Dozens of service members showed up for the funeral of a 5-year-old who dreamed of being an 'Army Man'


Dozens of U.S. service members showed up to the funeral of a 5-year-old boy who dreamed of being an "Army Man" before he passed away from cancer last week.

River "Oakley" Nimmo was diagnosed with neuroblastoma cancer when he was two years old, according to a 2017 GoFundMe campaign set up by a family friend, He was declared cancer-free in June of 2017, but the cancer came back the next month.

He died on June 20th.

Nimmo was "feisty, courageous, smart and full of life," his obituary says, and spent "most of this life fighting to live ... with a smile on his face.

"In between hospital stays, Oakley spent his free time driving his power wheels and shooting his toy guns," the obituary reads. "He often talked of being an 'Army Man,' as he called it, when he grew up."

Nimmo's family made the request that "any active military members and/or veterans" attend his funeral — and dozens from the Arkansas National Guard did just that, per CNN.

The Arkansas National Guard also made Nimmo an Honorary Colonel on June 20th, with the duty title "ARMY MAN."

Spokesperson for the Arkansas National Guard, Maj. William Phillips, told CNN that many of the service members had been following Nimmo's battle against cancer, and that he'd won their hearts with his love of the military.

"On behalf of the veterans here in Arkansas and the veterans of this country and in this community, we're honored to be here for him," David Cagle of the Arkansas National Guard said per Arkansas affiliate, KFSM. "He's always going to be our Army man, our little soldier, angel."

Other service members offered an outpouring of love on social media.

"I wish I heard about his struggle beforehand," said one man on Facebook, who identified himself as a member of the 101st Airborne Division. "I would have driven from Ft Campbell to honor the bravest Soldier I could ever hope to meet. Til Valhall Soldier. I salute you."

"Rest easy brother," said another Facebook user. "Until Valhalla little would have been an honor to serve besides you."

(Facebook photo)
Ryan Kules

Editor's note: A combat wounded veteran, Ryan served in the U.S. Army as an armor officer assigned to 1st Battalion, 13th Armor Regiment. While deployed to Iraq in 2005, his vehicle was hit with an improvised explosive device buried in the road. He works as the Wounded Warrior Project's national Combat Stress Recovery Program director.

On Nov. 29, 2005, my life changed forever. I was a 24-year-old U.S. Army armor captain deployed to Taji, Iraq, when my vehicle was struck by an improvised explosive device. On that day, I lost two of my soldiers, Sgts. Jerry Mills and Donald Hasse, and I lost my right arm and left leg.


CAMP PENDLETON — Susan and Michael McDowell attended a memorial in June for their son, 1st Lt. Conor McDowell. Kathleen Isabel Bourque, the love of Conor's life, joined them. None of them had anticipated what they would be going through.

Conor, the McDowells' only child, was killed during a vehicle rollover accident in the Las Pulgas area of Camp Pendleton during routine Marine training on May 9. He was 24.

Just weeks before that emotional ceremony, Alexandrina Braica, her husband and five children attended a similar memorial at the same military base, this to honor Staff Sgt. Joshua Braica, a member of the 1st Marine Raider Battalion who also was killed in a rollover accident, April 13, at age 29.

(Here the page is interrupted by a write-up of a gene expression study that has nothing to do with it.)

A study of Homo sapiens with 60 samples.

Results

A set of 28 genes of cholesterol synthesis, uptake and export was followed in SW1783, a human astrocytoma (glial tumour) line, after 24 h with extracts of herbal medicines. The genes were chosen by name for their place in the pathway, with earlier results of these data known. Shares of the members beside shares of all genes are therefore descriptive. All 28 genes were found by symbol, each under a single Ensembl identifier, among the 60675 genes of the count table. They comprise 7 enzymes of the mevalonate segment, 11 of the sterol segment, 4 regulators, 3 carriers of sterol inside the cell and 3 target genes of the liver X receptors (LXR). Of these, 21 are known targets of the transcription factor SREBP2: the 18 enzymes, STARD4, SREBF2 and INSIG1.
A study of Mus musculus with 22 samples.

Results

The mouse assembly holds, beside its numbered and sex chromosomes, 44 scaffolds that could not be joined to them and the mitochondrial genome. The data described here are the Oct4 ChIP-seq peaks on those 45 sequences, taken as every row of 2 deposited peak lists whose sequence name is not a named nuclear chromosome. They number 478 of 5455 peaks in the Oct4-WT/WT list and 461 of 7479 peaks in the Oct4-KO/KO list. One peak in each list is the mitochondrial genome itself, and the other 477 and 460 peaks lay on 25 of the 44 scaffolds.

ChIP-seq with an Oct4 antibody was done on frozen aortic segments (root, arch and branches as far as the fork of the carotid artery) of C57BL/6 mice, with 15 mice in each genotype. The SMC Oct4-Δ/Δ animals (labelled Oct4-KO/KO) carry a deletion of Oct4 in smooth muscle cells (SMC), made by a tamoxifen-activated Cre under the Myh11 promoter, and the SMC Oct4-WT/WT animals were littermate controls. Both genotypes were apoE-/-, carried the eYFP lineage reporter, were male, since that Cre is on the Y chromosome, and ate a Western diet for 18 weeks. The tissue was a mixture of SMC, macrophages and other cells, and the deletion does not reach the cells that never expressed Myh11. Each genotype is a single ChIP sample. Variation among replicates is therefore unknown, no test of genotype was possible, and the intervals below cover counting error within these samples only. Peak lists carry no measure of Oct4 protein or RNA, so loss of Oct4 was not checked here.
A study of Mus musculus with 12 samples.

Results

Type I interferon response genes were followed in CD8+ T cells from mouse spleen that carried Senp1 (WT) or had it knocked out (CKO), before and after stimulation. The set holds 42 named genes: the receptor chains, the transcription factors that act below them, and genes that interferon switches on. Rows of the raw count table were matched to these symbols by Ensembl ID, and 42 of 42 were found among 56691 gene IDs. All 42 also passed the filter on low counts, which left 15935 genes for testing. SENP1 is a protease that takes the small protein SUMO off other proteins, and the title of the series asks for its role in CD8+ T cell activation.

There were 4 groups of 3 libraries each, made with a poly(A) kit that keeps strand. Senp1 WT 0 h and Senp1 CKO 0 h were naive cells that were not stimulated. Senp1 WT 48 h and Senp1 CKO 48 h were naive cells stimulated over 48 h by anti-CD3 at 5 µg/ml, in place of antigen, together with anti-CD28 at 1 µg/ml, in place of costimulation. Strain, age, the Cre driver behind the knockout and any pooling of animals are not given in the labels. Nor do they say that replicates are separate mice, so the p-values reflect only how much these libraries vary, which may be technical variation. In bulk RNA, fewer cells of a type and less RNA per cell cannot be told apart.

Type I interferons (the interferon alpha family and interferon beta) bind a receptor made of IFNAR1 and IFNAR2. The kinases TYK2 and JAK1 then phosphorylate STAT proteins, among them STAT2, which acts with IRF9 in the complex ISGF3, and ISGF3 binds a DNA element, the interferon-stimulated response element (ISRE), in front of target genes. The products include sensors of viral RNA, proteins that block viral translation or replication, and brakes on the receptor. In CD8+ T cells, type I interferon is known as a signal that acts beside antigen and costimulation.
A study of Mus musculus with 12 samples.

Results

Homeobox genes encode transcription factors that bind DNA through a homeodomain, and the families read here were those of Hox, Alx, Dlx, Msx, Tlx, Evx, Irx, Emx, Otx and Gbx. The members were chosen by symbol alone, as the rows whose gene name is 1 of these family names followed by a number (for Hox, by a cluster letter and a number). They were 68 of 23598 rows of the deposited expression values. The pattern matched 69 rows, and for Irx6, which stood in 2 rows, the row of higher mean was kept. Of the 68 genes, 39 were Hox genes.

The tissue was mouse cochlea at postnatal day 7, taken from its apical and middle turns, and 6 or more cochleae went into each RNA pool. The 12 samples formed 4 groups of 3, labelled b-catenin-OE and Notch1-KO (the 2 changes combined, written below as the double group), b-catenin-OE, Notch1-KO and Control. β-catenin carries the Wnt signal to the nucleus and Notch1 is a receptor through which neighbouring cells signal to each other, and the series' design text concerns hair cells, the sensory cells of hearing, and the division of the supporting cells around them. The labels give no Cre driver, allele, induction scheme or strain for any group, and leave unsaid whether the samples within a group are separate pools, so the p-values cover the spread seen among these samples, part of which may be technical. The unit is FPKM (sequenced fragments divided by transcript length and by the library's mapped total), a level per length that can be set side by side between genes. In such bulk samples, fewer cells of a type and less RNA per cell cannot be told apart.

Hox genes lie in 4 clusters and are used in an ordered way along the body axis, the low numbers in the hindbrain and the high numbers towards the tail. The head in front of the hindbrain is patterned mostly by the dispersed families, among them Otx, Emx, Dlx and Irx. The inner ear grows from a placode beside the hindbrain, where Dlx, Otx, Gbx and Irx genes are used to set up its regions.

Braica, of Sacramento, was married and had a 4 1/2-month-old son.

"To see the love they had for Josh and to see the respect and appreciation was very emotional," Alexandrina Braica said of the battalion. "They spoke very highly of him and what a great leader he was. One of his commanders said, 'He was already the man he was because of the way he was raised.' As parents, we were given some credit."

While the tributes helped the McDowells and Braicas process their grief, the families remain unclear about what caused the training fatalities. They expected their sons eventually would deploy and put their lives at risk, but they didn't expect either would die while training on base.

"We're all still in denial, 'Did this really happen? Is he really gone?' Braica said. "When I got the phone call, Josh was not on my mind. That's why we were at peace. He was always in training and I never felt that it would happen at Camp Pendleton."




A deported Marine Corps veteran who has been unable to come back to the U.S. for more than a decade was denied entry to the country Monday morning when he asked to be let in for a scheduled citizenship interview.

Roman Sabal, 58, originally from Belize, came to the San Ysidro Port of Entry around 7:30 on Monday morning with an attorney to ask for "parole" to attend his naturalization interview scheduled for a little before noon in downtown San Diego. Border officials have the authority to temporarily allow people into the country on parole for "humanitarian or significant public benefit" reasons.


Navy Secretary Richard Spencer took the reins at the Pentagon on Monday, becoming the third acting defense secretary since January.

Spencer is expected to temporarily lead the Pentagon while the Senate considers Army Secretary Mark Esper's nomination to succeed James Mattis as defense secretary. The Senate officially received Esper's nomination on Monday.